D.C. Mayor Muriel Bowser’s new crime-fighting plan faced skepticism from a key District lawmaker Wednesday, less than a week after Black Lives Matter activists staged a dramatic disruption of the mayor’s speech announcing the initiative.

D.C. Council member Kenyan McDuffie — who’s set to chair a Sept. 16 hearing on the District’s spiking violent crime — told InsideSources, “I have concerns about aspects of the plan that would allow supervision officers to conduct warrantless searches of individuals on probation, parole and supervised release.”

McDuffie stressed that he looks forward to working with Bowser, a fellow Democrat, on the community outreach measures she proposed. Yet he said “a proposal that increases law enforcement’s reach into homes could very well invite abuse and foster greater community distrust.”

To say Black Lives Matter activists are distrustful of the mayor’s plan would be an understatement. Dozens of them attempted to shout Bowser down last Thursday as she announced her anti-crime agenda at the former Malcolm X Elementary School building in the Congress Heights neighborhood.

Activist Eugene Puryear spoke out against toughening criminal penalties and putting more police on the streets, saying the D.C. government should be focused on providing jobs, housing and services to troubled communities. Puryear told InsideSources he believes the D.C. Council may be receptive to Black Lives Matter’s critique.

“I think Council member McDuffie is one of those people who’s willing to look at new ways of dealing with this issue and who’s open to some of the ideas we’re proposing,” he said in an interview.

RELATED: What’s Next for Black Lives Matter in D.C.? We Asked Longtime Activist Eugene Puryear.

In fact, McDuffie told InsideSources he is “trying to float a different approach” to fighting crime.

“I’m trying to begin the conversation about the District having a public health approach to preventing violence,” he said. “We need to dedicate the necessary resources, comprised of multiple agencies, including our healthcare agencies and our human service agencies.”

For her part, Mayor Bowser argued last Thursday that what she’s proposing is part of taking “concrete steps to make ‘black lives matter’ more than just a hashtag.”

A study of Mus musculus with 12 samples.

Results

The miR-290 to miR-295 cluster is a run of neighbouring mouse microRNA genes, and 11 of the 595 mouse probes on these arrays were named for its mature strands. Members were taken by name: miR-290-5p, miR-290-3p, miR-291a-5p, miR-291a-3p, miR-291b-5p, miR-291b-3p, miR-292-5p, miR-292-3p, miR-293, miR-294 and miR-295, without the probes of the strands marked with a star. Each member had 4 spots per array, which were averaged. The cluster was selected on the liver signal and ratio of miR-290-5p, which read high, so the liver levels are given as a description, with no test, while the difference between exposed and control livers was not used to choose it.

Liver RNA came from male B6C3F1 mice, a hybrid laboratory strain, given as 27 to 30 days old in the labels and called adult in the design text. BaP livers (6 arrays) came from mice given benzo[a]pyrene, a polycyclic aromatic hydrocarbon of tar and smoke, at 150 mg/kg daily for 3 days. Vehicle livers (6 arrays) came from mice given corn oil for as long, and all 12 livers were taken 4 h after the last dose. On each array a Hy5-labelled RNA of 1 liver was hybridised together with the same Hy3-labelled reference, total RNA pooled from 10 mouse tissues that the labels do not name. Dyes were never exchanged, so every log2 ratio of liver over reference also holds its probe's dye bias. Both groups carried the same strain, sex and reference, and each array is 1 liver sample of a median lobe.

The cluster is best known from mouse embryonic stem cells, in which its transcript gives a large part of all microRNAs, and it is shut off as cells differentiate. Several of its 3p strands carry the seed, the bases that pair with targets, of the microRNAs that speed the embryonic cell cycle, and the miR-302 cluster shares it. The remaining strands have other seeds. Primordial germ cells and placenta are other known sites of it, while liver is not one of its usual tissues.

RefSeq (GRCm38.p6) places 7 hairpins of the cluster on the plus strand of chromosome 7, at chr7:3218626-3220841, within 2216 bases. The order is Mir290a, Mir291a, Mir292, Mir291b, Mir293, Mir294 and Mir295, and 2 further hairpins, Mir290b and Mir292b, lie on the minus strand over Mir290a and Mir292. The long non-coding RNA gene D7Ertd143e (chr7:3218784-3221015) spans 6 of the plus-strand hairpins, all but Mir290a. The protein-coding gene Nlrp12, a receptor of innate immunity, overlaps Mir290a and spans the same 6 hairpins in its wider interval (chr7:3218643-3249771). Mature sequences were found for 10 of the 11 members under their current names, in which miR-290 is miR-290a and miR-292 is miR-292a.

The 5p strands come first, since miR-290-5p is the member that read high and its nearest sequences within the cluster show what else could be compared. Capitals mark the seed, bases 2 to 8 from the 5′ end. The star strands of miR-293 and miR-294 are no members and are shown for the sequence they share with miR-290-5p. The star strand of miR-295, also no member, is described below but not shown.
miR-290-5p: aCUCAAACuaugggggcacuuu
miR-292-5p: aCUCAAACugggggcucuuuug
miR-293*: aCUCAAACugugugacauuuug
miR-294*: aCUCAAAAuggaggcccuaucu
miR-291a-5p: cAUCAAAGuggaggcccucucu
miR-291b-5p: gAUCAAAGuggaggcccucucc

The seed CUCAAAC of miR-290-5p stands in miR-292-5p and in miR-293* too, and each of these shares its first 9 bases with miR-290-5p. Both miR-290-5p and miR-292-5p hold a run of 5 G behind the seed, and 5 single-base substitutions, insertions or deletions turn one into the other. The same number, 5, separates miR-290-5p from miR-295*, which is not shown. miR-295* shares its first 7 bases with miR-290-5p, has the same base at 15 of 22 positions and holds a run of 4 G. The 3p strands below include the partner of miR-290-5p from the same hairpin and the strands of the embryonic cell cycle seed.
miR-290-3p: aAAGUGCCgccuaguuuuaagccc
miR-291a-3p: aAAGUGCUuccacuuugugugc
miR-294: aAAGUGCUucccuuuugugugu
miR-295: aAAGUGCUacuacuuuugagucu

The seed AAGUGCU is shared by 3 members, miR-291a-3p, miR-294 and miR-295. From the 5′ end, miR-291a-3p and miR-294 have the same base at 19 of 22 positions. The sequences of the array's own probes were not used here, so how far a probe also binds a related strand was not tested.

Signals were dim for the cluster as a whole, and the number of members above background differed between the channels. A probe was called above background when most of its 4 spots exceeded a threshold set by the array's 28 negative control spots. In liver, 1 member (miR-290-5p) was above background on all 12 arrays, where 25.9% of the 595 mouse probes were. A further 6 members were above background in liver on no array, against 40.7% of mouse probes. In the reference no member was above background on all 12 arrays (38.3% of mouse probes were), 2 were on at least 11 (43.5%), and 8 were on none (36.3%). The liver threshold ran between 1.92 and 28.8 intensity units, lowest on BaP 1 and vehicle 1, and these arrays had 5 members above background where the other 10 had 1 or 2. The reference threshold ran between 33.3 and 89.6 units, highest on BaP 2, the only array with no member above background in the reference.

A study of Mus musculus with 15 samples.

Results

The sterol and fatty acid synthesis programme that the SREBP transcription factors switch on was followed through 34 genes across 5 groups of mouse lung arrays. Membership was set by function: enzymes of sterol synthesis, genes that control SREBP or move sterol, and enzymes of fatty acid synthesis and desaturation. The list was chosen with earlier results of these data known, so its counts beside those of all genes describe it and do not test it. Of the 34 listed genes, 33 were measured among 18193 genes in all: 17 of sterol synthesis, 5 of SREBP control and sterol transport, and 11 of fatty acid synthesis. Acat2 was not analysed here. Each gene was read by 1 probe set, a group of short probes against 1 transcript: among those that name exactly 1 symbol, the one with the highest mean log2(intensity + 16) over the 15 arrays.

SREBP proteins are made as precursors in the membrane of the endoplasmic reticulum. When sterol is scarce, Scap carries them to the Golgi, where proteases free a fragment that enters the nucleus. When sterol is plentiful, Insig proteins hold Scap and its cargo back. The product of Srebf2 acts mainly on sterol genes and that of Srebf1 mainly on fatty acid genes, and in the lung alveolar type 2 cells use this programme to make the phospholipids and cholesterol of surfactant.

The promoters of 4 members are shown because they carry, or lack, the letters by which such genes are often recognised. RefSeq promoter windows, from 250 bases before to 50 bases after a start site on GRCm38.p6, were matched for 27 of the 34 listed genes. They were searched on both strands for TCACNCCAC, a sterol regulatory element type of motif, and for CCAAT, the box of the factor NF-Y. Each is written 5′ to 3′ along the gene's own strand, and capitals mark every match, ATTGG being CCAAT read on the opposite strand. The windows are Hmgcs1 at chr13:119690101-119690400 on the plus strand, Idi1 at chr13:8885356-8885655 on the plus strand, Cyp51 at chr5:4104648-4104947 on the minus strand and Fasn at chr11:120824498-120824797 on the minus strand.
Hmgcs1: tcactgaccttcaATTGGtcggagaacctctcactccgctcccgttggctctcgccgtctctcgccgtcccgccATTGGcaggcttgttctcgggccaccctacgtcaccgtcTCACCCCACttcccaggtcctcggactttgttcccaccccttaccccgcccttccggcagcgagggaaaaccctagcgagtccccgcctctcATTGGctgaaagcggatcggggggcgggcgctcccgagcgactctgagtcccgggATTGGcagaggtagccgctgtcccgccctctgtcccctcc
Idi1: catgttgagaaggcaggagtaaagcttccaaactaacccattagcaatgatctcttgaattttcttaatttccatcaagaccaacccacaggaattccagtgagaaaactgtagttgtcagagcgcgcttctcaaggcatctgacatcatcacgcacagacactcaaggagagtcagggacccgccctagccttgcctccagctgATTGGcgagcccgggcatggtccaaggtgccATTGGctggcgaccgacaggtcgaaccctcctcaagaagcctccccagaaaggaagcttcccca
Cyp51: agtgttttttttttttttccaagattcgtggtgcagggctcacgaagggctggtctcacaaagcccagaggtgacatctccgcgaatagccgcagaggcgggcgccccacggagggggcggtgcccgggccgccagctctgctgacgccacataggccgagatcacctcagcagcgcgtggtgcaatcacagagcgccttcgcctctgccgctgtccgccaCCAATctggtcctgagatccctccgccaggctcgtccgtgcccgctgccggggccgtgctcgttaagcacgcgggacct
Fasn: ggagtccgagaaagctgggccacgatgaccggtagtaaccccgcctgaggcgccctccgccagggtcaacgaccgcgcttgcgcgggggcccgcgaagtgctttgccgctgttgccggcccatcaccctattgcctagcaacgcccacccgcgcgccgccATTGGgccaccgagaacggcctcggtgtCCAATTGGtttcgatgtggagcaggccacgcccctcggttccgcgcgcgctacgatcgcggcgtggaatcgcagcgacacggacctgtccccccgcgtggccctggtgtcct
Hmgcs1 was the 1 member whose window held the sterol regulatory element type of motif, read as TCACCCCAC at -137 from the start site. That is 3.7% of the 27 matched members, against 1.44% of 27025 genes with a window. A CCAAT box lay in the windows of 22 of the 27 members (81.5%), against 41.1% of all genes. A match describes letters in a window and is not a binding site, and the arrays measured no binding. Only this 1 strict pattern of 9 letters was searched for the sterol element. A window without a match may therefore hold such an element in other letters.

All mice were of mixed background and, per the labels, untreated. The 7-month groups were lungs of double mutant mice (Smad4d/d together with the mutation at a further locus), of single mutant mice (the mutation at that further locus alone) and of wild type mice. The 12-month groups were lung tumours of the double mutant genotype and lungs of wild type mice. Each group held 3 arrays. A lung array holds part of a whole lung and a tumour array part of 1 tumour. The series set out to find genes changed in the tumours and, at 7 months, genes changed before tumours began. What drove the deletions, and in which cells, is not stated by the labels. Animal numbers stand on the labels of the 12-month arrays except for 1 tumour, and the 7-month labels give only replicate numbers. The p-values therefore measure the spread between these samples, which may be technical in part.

With regard to the idea of searching homes, she said the goal was simply to remove illegal guns: “Let us be clear: this is not stop-and-frisk. My proposal restricts searches solely to the living quarters of individuals convicted of violent crime.”

In addition, D.C. Police Chief Cathy Lanier has argued that increasing the number of officers on the streets doesn’t have to mean a greater number of negative interactions between police and residents.

“If the police officers have an appropriate interaction and their presence is appropriate, people appreciate them,” she said last Friday on D.C.’s NPR affiliate, WAMU. “If their presence is more zero-tolerance, overwhelmingly enforcement-related, that’s not what people want.”

Last weekend, about 98 percent of the voters in an online poll of the District’s Fraternal Order of Police expressed no confidence in Lanier, although less than a third of the membership participated. Bowser said in her speech that she has “every confidence” the chief will lead D.C. through its crime spike.

Asked if he agreed with the mayor’s assessment of Lanier, McDuffie told InsideSources, “I am going to continue to work with whomever is the chief of police, whomever is the president of the [Fraternal Order of Police].”

“I don’t get to select who the stakeholders are,” he added. “I am committed fully to working with whomever is in those positions.”

Ahead of McDuffie’s hearing, the ACLU of the Nation’s Capital plans to hold three town hall forums about police-community relations in the District. A fourth forum is set for the day after the council event.